Metroid Dread Guide – How to skip cutscenes


How to skip cutscenes in Metroid Dread

Skipping cutscenes is actually pretty simple, but far from obvious. You can’t skip on the first viewing, but if you die and have to pass through a cutscene moment a second time, you can. Through intensive button mashing to see if it was possible, we cracked the code of how to do so. It’s only when you press the + button that the message pops up in the top right of the screen to tell you to press the – button to skip the cutscene.

That’s all it takes: press the + button then the – button to skip.


How to skip Metroid Dread cutscenes

Why not let you mash other buttons to trigger the ‘press – to skip’ message? I’ve no idea. Best ask Nintendo about that one.

Why would you want to skip cutscenes?

Well, now we come to Metroid Dread’s true sin: always playing the cutscenes before boss battles, even if you’ve seen it, died and have to respawn to try again. In some ways that’s fair enough, but at the same time, some of these cutscenes can be pretty long!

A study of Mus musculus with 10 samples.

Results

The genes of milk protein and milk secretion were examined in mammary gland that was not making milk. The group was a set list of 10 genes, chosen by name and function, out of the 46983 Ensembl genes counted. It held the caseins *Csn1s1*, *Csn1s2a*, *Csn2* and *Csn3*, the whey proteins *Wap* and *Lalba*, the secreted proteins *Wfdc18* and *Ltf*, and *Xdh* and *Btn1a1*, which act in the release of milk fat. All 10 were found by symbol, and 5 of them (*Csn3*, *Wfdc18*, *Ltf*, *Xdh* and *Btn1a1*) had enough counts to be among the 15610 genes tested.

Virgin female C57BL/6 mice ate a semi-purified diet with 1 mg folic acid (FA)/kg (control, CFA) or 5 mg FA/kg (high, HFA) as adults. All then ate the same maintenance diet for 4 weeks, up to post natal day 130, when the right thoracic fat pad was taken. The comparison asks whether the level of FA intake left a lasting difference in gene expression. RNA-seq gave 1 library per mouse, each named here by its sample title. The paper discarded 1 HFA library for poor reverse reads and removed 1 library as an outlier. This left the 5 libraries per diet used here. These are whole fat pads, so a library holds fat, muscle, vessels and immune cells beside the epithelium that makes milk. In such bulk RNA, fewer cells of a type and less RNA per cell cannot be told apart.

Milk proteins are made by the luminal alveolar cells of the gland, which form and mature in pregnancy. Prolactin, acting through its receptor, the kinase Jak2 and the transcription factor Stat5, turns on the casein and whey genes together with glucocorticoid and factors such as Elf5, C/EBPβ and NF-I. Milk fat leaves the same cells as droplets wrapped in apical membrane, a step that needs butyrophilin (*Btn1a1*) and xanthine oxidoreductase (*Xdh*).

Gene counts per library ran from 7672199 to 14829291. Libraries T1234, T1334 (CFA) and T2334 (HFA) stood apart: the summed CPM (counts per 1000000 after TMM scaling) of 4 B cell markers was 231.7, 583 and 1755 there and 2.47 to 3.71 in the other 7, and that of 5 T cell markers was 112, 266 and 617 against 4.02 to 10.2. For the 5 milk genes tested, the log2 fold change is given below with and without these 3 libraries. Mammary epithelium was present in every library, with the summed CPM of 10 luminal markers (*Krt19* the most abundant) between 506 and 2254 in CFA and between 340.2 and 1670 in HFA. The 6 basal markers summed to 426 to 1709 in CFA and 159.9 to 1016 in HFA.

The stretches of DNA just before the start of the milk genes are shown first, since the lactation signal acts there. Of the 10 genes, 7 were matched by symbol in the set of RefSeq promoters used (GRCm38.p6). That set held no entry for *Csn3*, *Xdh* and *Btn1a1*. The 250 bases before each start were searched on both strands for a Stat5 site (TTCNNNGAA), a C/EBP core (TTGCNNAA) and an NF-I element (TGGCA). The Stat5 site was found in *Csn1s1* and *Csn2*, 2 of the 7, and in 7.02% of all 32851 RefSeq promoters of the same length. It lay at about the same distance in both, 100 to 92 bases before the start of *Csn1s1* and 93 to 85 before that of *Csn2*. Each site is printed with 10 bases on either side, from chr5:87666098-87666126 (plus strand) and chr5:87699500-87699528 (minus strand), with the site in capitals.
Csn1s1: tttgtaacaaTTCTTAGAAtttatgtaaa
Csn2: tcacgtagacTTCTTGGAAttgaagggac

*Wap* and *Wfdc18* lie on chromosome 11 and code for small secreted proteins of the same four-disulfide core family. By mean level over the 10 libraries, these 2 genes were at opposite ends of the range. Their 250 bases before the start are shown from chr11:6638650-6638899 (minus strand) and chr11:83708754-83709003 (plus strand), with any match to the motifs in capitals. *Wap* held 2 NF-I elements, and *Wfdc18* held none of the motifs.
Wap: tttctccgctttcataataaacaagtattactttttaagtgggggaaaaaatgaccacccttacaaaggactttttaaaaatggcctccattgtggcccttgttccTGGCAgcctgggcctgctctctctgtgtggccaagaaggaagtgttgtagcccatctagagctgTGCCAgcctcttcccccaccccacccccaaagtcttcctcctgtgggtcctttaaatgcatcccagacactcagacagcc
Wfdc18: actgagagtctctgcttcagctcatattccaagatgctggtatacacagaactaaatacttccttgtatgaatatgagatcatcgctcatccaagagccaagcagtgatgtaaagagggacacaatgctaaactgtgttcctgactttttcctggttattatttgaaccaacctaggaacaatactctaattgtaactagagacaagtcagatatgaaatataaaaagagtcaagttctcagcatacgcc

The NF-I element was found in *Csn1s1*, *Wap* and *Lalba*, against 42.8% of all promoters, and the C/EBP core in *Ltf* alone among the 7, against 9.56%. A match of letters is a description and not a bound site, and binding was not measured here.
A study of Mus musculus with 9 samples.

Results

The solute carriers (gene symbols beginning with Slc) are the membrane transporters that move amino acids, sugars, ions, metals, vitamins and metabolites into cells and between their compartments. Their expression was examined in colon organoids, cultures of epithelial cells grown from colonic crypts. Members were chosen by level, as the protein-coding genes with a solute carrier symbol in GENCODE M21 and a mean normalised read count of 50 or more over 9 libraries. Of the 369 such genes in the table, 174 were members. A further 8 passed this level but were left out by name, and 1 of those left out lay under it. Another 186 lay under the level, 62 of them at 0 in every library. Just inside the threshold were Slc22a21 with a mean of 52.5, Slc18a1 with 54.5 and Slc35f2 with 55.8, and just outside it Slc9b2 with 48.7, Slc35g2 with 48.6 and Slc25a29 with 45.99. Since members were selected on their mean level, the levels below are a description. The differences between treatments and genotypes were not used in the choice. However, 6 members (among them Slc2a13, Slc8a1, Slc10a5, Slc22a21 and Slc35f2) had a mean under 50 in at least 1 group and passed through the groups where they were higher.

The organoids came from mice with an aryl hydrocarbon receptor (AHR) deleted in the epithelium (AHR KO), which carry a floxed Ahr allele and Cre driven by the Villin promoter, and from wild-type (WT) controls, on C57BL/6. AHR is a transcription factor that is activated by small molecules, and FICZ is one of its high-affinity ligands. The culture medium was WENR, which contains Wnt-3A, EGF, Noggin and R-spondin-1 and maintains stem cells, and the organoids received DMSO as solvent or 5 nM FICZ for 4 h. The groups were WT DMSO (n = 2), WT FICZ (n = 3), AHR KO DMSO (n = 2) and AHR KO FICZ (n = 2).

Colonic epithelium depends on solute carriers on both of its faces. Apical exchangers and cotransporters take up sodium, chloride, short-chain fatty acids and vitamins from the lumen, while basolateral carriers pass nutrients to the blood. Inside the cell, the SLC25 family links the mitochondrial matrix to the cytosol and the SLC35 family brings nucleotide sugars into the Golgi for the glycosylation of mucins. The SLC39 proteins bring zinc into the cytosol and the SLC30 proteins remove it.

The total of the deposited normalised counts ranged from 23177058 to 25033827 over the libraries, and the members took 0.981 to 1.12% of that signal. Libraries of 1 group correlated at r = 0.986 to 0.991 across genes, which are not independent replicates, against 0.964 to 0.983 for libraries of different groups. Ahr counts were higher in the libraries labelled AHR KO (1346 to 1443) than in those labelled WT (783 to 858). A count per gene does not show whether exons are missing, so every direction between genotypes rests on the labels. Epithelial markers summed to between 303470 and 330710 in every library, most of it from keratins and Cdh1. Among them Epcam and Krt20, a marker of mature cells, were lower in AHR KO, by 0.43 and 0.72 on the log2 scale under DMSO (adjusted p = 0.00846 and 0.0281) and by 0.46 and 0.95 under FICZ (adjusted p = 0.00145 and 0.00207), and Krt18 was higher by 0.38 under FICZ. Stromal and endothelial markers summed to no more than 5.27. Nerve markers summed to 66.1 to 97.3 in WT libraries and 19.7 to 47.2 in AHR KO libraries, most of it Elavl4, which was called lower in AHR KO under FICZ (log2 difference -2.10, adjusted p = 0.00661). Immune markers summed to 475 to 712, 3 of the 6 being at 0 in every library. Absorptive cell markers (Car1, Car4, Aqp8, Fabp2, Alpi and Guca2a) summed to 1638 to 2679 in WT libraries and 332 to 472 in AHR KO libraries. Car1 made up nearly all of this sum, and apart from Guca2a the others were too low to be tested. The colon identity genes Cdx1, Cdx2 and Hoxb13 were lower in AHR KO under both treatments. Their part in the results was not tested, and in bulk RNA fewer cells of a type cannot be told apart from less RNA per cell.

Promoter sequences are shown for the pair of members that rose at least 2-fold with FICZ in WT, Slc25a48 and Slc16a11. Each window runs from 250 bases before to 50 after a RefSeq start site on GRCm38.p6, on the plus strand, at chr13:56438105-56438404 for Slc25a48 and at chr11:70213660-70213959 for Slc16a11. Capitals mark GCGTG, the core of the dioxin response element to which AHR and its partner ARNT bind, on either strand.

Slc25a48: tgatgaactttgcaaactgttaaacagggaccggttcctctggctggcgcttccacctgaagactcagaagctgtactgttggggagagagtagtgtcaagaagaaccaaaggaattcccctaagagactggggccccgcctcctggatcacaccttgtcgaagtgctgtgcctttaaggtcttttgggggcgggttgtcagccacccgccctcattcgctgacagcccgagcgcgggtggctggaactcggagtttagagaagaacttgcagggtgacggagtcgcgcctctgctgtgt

All of the boss battles and your first encounters with each of the super creepy EMMI robots are preceded by a cutscene. If you then die in battle with them or before the next save or checkpoint, then you’ll go through that trigger point and cutscene again.

Thankfully Metroid Dread is pretty forgiving in that regard. While there are manual save points throughout the game world and you can lose progress back to those points, it will also make a checkpoint before a boss battle or entering an EMMI zone and respawn you there.

Even with this glaring flaw, Metroid Dread is still a fantastic new entry in the long-running, genre-defining series. In our Metroid Dread review, I wrote:

“Metroid Dread sees the galaxy’s best bounty hunter return in fine form. It takes the terror of being hunted from Metroid Fusion, the more modern direction of Samus Returns, and the freedom to add to the series’ decades of lore to create something that’s nigh on essential for Metroid fans.”